It feels good to have a competent President again. A President with some dignity, who doesn’t spend his time tweeting out misinformation. Whose Press Secretary thanked reporters after her first press briefing, who doesn’t see journalists as the enemy. A President who made news this week because of the raft of actions he took to kick off a national response to the coronavirus pandemic, not the lies he told.
The day after the inauguration, I sat down to write after a long day at work, and when I looked up I’d written twice my daily word count, smooth as butter.
I could get used to this. I want to get used to this. Not in the sense of taking it for granted, but in the sense of it happening, over and over and over again.
There’s much to be done, politically. Too many Americans are locked up in prisons. Too many Americans fear the loss of their job so much they’re willing to endure urinating into bottles and absurdly low wages, while their bosses complain about not knowing how to spend all the money they’re making.
But it’ll be easier, collectively, to tackle such things, if we don’t all have to worry about the President, too, coming after us. If we have the headspace to write, and call, and paint, and march, and sing, and petition, without wondering, every day, which shoe the executive is going to drop on us that day. What painstaking progress the administration rolled back with callous ease this morning.
It’ll be good to feel like we have an ally in the White House. Not perfect, by any means. But not actively trying to set us back.
Novel’s at 24,580 words. More by the end of the day, since I haven’t yet done my daily words. Back to the rhythm of 2,000 words per week.
I’m at the point where I’m stitching together the pieces I’ve written for the current sequence, before pressing on. I’m having to shift some paragraphs around, moving them either earlier in the chapter or later, so I can keep them without interrupting the flow of things.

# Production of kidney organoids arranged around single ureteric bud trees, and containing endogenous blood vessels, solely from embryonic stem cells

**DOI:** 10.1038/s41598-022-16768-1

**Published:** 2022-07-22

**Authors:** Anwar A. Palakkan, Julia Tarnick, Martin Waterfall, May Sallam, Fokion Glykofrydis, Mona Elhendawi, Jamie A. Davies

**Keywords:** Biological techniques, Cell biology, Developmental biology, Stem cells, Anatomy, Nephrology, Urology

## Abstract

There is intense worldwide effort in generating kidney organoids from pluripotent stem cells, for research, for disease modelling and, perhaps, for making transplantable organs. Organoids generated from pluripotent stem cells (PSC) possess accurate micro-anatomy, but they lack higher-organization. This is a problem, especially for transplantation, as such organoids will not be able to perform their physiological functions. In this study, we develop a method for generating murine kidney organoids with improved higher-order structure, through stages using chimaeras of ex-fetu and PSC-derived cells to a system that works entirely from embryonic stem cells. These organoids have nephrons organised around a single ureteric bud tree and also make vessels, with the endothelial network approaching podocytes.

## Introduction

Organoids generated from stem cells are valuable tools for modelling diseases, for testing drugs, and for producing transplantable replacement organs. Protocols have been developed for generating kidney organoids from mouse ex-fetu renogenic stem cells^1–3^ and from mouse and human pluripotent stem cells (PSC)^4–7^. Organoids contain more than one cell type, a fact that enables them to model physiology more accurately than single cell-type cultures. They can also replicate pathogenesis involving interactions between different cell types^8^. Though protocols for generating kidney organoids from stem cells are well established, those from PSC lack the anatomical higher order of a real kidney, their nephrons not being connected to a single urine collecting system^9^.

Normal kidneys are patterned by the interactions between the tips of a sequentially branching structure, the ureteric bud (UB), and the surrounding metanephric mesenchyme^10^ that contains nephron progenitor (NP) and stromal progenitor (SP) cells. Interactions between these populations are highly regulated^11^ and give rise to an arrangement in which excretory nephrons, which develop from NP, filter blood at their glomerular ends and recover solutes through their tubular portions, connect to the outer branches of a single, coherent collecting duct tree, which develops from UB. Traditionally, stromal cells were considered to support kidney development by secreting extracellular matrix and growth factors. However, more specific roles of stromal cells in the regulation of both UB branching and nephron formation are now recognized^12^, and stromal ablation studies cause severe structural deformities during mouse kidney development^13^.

I can already see parts I’m going to have to revise. Conversations that don’t go anywhere (currently), descriptions of daily life that will need to be rewritten according to the research I’m doing.
I’m…uncertain, whether to fix those, or just press on. The advice I’ve gotten from the Writer’s Coffeehouse says to move on, to just make a note of it, so it’ll be easy to come back to, but to keep forward momentum going. Finish the draft, then go back and patch things up.
And it’s good advice! Only…if I already know how things need to change, shouldn’t I change them? Or worse, if I know things need to change, but I’m not sure exactly how, isn’t it better to find out the more stable form for them now, so I can keep writing the book with that in mind?
I suppose the advice is meant to keep me from getting bogged down in revisions, instead of finishing out the draft. And I definitely do not want to do that. And it’ll probably be easier to make the changes I need once the book’s done, and I can see the whole story, rather than now, when I’m still mapping it out.
So I suppose I will press on. Still going to make notes about revisions to the scenes, though, so I don’t forget them when it’s time to edit.
But to have something to edit, I’ve got to finish this draft.